Glee, now in it's third season, has a tag "A biting comedy for the underdog in all of us." Well, sort of. Even while trying to explain how juniors have been around for three years, the high school musical show has had tremendous ups and downs. The "book" (the non-musical sequences) range from embarrassingly bad soap opera to hysterically funny farce to brilliant social commentary... but mostly the former. The musical numbers range from exceptionally well done covers to plot-driving songs to good dances to decent fill-ins. The singers are superb, and Glee numbers have sold 36 million digital singles and eleven million albums. A year ago, Glee surpassed Elvis with the most numbers on the Billboard Hot 100.
With the success of one song and dance show, another has popped up. Smash premiered this month. Where Glee is about outcast teens trying to overcome issues, Smash is about Broadway producers trying to overcome issues. Tagline: "Stars Aren't Born, They're Made". Two producers, amid trying to adopt a child from China, also get talked into holding auditions for "Marilyn: The Musical", about Marilyn Monroe. Backed by a person in a messy divorce case (her husband has the rights to a revival of "My Fair Lady"), the show deals with all the various strong personalities involved.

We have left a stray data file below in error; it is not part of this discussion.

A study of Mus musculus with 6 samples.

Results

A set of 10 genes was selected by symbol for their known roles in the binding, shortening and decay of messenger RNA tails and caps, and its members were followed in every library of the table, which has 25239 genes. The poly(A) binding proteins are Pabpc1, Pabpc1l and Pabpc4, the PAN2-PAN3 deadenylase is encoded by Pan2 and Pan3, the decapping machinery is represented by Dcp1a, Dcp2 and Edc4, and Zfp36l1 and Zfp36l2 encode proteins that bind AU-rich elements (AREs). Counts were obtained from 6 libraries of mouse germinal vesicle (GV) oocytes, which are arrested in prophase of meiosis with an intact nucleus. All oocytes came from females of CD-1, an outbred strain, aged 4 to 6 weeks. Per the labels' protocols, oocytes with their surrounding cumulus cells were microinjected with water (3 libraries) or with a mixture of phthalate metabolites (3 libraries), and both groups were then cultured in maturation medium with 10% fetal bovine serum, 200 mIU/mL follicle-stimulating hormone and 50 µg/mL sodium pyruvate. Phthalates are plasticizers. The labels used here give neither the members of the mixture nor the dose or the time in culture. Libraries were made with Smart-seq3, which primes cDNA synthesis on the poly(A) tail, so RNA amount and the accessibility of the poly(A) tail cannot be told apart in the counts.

Meanwhile, casting Marilyn is the first big problem. On one hand, you have an experienced actress who looks and sounds a lot like Marilyn. She's the better actress (imrho), and knows Broadway. Her rival is a relative newcomer, who is (imrho) the better singer and projects the innocence worthy of Marilyn, but isn't as up on the sleeping-with-the-director ways of Broadway. The show features songs from the upcoming musical, with Broadway dancers; sometimes rehearsals and sometimes in full costume. Mostly, the songs are original and very very good.
The prime distinctions between the shows are deliberate: One is on a high school budget where they need to hold fund raisers for bus money. The second is about Broadway, where $200,000 is barely enough to cover rehearsals. Both try and, for the most part, succeed in the look and the feel of their milieu.
Where Glee is heads over heals better than Smash is in the camerawork. Smash's dance numbers feature fast cutting and medium shots: No sense of rhythm or space. Worse than Dancing with the Stars or any of that ilk. Glee establishes the dancer's space and the movements within the stage full of people: Excellently done, especially considering that they're in a high school gym most of the time.
I've seen all the episodes of Glee, and tend to slide over the stupid ego trips and appreciate the brilliant production numbers. After two episodes, Smash is on the bubble (replacing Hawaii 5-0 on the DVR, which has de-bubbled for the nonce) but Carole and I will probably give it another episode or two before closing the house.